Saturday, 18 October 2014 00:00 

Over the last few months, domestic violence has had a foothold in the media due to the massive news stories surrounding NFL players such as Ray Rice and Greg Hardy, and the report of Modern Family actress Sarah Hyland filing for a restraining order from her ex, citing domestic violence and abuse. These stories are just a small piece of the approximate 25% of all women who are victims of domestic violence.

Hosted by the by the National Coalition Against Domestic Violence (NCADV), October is Domestic Violence Awareness Month. During this month-long campaign Brookhaven Retreat helps women heal the emotional and mental trauma caused by domestic violence and reduce the impact on a woman’s thoughts, actions and feelings.

Many women who have experienced abuse from a partner or loved one experience post-traumatic stress disorder (PTSD), an anxiety disorder that develops after a traumatic or life changing event, such as war, rape, abuse or torture. It is marked by flashbacks, nightmares, and crushing anxiety that cause women to feel trapped long after the terrifying event is over.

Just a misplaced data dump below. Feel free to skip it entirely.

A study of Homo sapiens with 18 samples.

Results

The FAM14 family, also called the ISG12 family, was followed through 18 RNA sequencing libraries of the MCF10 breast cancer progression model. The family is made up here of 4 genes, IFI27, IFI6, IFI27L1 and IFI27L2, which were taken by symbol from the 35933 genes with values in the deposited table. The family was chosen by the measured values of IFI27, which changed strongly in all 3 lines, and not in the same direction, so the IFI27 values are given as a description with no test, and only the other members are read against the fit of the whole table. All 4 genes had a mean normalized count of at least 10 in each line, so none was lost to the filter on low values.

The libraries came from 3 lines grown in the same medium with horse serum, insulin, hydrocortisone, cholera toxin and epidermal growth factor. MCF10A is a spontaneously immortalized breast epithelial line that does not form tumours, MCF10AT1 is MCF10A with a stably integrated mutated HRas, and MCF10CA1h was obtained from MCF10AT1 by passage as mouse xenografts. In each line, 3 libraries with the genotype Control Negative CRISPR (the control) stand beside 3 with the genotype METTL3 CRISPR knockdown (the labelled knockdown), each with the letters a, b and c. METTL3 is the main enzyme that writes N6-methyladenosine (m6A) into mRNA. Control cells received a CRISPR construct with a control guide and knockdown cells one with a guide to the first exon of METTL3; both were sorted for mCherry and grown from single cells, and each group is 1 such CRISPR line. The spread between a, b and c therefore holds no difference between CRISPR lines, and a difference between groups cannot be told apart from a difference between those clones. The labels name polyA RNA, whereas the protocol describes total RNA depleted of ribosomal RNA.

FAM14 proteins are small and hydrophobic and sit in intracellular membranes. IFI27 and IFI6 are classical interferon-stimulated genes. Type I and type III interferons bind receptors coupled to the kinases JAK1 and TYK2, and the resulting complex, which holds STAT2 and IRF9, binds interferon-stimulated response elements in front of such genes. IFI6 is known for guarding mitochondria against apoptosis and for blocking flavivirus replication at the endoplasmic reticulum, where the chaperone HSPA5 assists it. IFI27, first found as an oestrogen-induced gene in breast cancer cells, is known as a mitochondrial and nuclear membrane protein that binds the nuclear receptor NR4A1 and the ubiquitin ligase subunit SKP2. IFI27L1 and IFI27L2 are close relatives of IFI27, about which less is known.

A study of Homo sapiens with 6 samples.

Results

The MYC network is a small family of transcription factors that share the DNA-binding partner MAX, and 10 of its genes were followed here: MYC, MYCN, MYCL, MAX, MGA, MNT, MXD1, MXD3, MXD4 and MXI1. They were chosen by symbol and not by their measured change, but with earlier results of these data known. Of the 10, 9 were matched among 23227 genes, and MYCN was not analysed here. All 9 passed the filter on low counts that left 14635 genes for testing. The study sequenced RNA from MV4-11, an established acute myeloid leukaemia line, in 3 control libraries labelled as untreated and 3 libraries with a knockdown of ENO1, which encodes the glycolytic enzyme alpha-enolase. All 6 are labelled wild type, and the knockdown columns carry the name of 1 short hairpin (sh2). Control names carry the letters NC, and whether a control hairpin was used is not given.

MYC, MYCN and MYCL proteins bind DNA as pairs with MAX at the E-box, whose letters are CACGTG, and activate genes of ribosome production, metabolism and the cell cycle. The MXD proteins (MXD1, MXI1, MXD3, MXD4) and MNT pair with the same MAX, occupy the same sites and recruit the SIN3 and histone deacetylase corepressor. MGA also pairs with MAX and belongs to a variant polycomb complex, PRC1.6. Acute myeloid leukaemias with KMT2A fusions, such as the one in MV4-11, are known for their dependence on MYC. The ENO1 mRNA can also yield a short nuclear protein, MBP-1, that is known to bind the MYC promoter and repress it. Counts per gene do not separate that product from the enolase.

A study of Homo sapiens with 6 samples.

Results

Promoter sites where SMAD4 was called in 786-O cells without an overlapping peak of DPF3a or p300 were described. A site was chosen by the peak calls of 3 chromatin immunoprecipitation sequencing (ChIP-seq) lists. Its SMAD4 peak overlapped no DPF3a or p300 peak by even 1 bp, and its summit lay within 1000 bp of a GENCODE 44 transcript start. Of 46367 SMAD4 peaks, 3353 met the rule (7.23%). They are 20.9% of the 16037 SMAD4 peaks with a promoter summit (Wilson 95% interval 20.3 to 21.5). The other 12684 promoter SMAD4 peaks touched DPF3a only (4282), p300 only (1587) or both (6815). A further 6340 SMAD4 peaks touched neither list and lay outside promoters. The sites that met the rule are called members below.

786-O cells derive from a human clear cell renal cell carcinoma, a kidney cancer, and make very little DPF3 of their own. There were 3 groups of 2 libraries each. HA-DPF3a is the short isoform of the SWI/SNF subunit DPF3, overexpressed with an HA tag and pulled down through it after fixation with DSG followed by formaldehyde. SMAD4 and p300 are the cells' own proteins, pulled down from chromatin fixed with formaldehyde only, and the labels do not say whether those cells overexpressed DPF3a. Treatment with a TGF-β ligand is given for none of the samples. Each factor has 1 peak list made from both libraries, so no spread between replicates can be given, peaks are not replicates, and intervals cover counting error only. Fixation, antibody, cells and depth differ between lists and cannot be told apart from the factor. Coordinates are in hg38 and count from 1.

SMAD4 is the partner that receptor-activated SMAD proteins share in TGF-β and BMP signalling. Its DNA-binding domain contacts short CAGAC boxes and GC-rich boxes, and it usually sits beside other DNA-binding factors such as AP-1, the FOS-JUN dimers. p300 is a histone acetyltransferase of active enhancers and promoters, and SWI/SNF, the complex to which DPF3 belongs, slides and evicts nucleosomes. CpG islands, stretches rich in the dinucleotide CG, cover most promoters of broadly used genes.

Often, women who are victims of trauma and violence feel hopeless, ashamed and powerless. According to the National Coalition Against Domestic Violence, depression is the most common effect of abuse, with nearly 60 percent of women reporting symptoms of depression including changes in sleep, weight, energy and thoughts of suicide.

Women who are struggling with PTSD and depression after abuse are at a high risk of developing substance abuse issues and addiction. According to the NCADV, women who have experienced domestic violence are 15 times more likely to abuse alcohol and roughly nine times more likely to self medicate with drugs. Along with alcohol and drug use, Time Magazine recently published a study linking PTSD with food addiction.

Survivors of domestic violence are not only left with physical trauma, but also emotional trauma. Women become mentally and emotionally broken as their identity and self-esteem are destroyed, and are lead to believe they are unworthy of love, respect and stability. Through experiential therapy, eye movement desensitization and reprocessing (EMDR), and psychotherapy, women are able to address the trauma, build self confidence and create a life with less distress.

Recovery from domestic violence is possible, and although it requires addressing painful realities, it also entails discovering new inner strengths, a process that needs time, space and safety to begin. During the month of October, Brookhaven Retreat continues to raise awareness and reduce stigma around the substance abuse, depression and anxiety that haunt survivors of domestic violence trauma.